Now, if you were someone who witnessed this scene, wouldn't it sound a bit odd to describe it like this:
"I was laughing to myself because it was the first time I have seen people naked."Why say there were naked people, when there was only one? Why would an adult not have ever seen a person or people naked before, as the quote implies?
The answer lies in that the term people used here is a euphemism for Aboriginal person/people. What the above quote really means is "...it was the first time I have seen an Aboriginal person naked". In this usage, 'people' is a euphemism resulting from political correctness and the anxiety that many non-Indigenous people feel regarding the way we refer to Aboriginal people. So even though the article that reported on this incident doesn't mention that they naked guy was Aboriginal, my forensic linguistic skills allow me to pretty confidently deduce that he was. (And no, not because I'm adhering to stereotypes of Aboriginal people that relate to high incarceration rates and their over-representation in the justice system).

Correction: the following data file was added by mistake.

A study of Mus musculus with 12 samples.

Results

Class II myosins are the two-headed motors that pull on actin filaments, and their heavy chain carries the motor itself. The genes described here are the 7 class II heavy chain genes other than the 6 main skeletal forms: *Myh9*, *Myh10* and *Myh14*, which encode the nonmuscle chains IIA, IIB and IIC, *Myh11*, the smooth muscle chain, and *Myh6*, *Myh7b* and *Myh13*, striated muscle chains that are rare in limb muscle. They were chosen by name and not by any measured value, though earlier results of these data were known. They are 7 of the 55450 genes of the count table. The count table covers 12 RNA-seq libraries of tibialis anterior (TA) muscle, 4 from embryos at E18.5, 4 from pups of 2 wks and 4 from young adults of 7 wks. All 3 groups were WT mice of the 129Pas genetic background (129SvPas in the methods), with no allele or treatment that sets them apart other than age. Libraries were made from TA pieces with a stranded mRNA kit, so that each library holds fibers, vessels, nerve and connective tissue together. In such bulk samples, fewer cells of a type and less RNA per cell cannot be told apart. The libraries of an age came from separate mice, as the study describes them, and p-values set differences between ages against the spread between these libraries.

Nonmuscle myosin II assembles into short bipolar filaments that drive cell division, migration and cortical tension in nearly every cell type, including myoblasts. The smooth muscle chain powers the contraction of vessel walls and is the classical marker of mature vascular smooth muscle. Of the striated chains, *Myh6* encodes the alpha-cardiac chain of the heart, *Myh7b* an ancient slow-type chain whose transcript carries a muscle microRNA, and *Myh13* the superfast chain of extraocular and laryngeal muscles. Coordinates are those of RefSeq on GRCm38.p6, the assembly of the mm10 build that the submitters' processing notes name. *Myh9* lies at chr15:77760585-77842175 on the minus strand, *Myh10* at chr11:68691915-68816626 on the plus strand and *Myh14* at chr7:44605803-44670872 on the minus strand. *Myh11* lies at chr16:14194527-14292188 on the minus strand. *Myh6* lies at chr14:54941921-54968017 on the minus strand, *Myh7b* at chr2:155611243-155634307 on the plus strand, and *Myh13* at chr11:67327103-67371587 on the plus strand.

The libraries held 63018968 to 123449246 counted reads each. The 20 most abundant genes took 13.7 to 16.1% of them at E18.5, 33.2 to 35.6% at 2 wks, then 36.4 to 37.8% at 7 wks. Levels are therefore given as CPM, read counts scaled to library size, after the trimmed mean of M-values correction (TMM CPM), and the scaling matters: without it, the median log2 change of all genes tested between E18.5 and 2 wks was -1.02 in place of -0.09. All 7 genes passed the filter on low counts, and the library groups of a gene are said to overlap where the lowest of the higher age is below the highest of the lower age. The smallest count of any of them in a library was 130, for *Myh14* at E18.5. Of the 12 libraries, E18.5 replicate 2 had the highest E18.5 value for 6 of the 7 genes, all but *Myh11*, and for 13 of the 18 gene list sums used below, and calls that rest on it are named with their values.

It's not at all uncommon for non-Aboriginal people in the NT, who are (self)-conscious about how they talk about Aboriginal people, to use a generic word like 'people' in this odd way when they are actually referring specifically to Aboriginal people. I remember talking to a friend recently who said something like:
"People don't like to work in the afternoon".Which 'people' was she talking about? Why not just say 'we'? From the context of the conversation it was clear that what was really meant was 'they', as in "they (people in remote community X) don't like to work in the afternoon (they prefer to work in the morning)". But without context, the utterance sounds rather bizarre.
|'Otherness' is kinda funny when you |
use it to take the piss out of yourself
Which is kind of a good thing I suppose. Except that we sometimes end up sounding dumb. As in the examples above.